By Savannah Lewis
At the start of the semester, OrgSync — the software previously used by Cleveland State University’s student organizations to connect with the student body and run their clubs — reached its retirement and was replaced with VikesConnect.
OrgSync was bought out by the software company, Campus Labs, leaving Cleveland State no choice but to end their use of the site. The university decided to go with Campus Labs’ software, Engage, as its replacement.
After a vote among students on the old OrgSync software, the Department of Student Life decided to name Cleveland State’s version of the Engage platform “VikesConnect.”
VikesConnect offers new tools for student organizations to utilize as needed, such as the ability to tag events with special features so students know what will be happening before they attend. Such features include giveaways or free food, according to Matt Knickman, director of student activities and involvement.
Knickman explained that another new element of VikesConnect is the ability to label an organization as “emerging.” If an organization does not currently have four student officers and an advisor, the club would be considered an emerging organization. This helps give upcoming clubs a chance to utilize different tools such as tabling and other recruitment events while not having the required amount of students to be considered a student organization.
“I’m thankful that all the documents and forms transferred over, which we weren’t sure at first would happen,” Michael Nozak, president of Viking Expeditions (VE), said.
As a student leader for a General Fee Unit that also serves as an allocating body for other student organizations looking to complete service projects, Nozak received some training in VikesConnect over the summer.
“For myself, Viking Expeditions in OrgSync didn’t have a photo gallery and VikesConnect does, which is really cool because now we have a platform to share our photos so students can see what’s going on,” Nozak commented.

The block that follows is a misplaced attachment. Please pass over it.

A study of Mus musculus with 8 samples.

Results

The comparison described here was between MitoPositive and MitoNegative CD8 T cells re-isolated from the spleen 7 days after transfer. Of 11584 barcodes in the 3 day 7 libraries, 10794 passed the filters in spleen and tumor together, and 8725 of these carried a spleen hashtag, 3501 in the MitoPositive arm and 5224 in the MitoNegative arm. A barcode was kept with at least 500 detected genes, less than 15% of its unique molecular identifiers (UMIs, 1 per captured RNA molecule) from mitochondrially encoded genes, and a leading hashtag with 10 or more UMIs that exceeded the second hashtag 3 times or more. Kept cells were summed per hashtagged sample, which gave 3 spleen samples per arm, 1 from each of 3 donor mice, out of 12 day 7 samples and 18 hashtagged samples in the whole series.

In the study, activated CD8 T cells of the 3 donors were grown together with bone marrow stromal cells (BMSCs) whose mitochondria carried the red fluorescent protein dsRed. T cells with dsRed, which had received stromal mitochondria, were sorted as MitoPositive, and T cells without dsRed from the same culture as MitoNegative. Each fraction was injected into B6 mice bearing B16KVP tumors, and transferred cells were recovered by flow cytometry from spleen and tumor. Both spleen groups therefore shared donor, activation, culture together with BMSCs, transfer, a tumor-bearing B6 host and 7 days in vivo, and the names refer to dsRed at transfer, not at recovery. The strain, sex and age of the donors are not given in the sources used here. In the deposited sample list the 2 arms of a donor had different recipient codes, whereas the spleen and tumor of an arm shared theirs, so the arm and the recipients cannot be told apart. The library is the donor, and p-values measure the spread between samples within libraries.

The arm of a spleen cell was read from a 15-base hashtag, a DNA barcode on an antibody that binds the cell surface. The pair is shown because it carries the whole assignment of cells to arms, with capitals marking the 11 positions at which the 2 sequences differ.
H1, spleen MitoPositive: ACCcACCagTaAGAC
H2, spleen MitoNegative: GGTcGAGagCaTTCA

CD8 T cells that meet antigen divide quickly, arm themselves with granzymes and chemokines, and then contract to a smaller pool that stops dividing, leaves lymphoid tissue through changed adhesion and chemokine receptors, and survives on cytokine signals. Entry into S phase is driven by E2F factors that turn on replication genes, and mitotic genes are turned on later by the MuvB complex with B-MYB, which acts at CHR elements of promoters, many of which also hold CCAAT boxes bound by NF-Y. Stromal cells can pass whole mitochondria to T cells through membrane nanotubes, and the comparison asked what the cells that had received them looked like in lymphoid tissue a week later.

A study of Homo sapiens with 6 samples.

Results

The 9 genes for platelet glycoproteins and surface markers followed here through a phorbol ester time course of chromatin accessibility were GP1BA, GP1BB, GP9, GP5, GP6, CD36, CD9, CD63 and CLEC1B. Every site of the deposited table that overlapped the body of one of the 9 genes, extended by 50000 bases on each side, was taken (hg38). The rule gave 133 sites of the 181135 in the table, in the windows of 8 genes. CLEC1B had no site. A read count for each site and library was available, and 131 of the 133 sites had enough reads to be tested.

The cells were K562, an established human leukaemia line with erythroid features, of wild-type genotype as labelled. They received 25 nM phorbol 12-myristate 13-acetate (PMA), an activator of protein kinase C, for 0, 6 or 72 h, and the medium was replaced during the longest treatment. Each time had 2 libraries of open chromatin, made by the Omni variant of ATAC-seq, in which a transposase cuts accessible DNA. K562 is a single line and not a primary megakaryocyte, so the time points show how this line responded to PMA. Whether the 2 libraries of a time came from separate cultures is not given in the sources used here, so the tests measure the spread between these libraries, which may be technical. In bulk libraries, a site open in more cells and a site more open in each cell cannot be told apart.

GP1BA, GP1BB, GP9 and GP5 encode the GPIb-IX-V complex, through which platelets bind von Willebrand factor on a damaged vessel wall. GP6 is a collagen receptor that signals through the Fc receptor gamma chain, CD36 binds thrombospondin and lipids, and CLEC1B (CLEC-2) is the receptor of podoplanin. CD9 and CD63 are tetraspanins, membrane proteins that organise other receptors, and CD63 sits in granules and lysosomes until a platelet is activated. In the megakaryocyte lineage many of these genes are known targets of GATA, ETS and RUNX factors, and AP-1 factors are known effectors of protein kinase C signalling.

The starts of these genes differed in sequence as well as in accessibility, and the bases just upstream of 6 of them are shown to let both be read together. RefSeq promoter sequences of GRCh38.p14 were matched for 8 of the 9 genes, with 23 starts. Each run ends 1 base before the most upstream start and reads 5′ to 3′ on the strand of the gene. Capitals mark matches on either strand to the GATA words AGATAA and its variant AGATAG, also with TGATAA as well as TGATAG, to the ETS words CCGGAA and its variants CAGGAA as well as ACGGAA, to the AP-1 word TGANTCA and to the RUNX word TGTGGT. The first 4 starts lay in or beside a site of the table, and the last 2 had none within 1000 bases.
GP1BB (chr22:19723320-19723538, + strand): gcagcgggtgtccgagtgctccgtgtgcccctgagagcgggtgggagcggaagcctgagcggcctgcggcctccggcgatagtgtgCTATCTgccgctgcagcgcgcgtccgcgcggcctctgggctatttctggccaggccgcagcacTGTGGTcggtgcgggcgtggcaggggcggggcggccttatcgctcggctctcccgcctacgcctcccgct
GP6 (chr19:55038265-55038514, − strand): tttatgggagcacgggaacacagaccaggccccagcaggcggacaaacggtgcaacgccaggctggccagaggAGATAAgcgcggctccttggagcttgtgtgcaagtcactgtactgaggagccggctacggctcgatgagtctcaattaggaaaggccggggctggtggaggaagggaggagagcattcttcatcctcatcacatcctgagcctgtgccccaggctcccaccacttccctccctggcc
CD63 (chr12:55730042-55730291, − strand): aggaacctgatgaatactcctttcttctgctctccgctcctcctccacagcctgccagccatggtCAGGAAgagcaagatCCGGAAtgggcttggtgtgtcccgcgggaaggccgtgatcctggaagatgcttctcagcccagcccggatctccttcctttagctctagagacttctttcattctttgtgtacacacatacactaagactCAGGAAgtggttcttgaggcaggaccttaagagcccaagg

While there are many positive changes, there are some issues that Student Life has come across with VikesConnect. For example, it is more difficult to send out mass emails with VikesConnect than with OrgSync, according to Knickman.
It is to be expected with big changes, such as an entirely new software system, that it will come with some concerns. One that Knickman is most concerned with is how to help students learn how to effectively use the program.
In order to help make the change go as smoothly as possible, Knickman stated that they worked over the summer with some of the larger student organizations such as Student Government Association (SGA) and VE to help them get an understanding of VikesConnect. Student Life also held focus groups to identify issues and worked with faculty who may use the program so they could be aware and help others.
Since the start of the semester, Student Life has sent different tools to help officers of student organizations every week, said Knickman. These include the original launch email, notifying students of the new program, how-to guides and sending out emails with answers to the most commonly asked questions.
Knickman is also hoping to run in -person trainings soon to help students who may prefer hands-on learning. They will also have drop-in hours and specific sessions for officers to learn details that pertain to their position.
While there are numerous resources for student officers, the student body as a whole has not received much information about the new software. On Aug. 22 an email was sent out to officers, announcing the new software; however, the general student body did not receive said notification about the software’s release.
The Cauldron conducted a poll including questions about student involvement. In that poll, 59 percent of the students who took it said that they were involved in an organization, but only 27 percent said that they felt comfortable using VikesConnect.
While it may be easier for larger organizations to have their questions answered, that might not be the case for a smaller group.
“For other organizations, it might be harder for them because they are not quite sure who to contact,” Nozak explained.
In order to help other organizations, VE, Campus Activities Board and SGA are working to organize a training session for others who may want or need more information.
“We are trying to be cognizant and sensitive that we know it’s different,” Knickman said. “We added some features that we are excited about, and we hope that our students are [excited too].”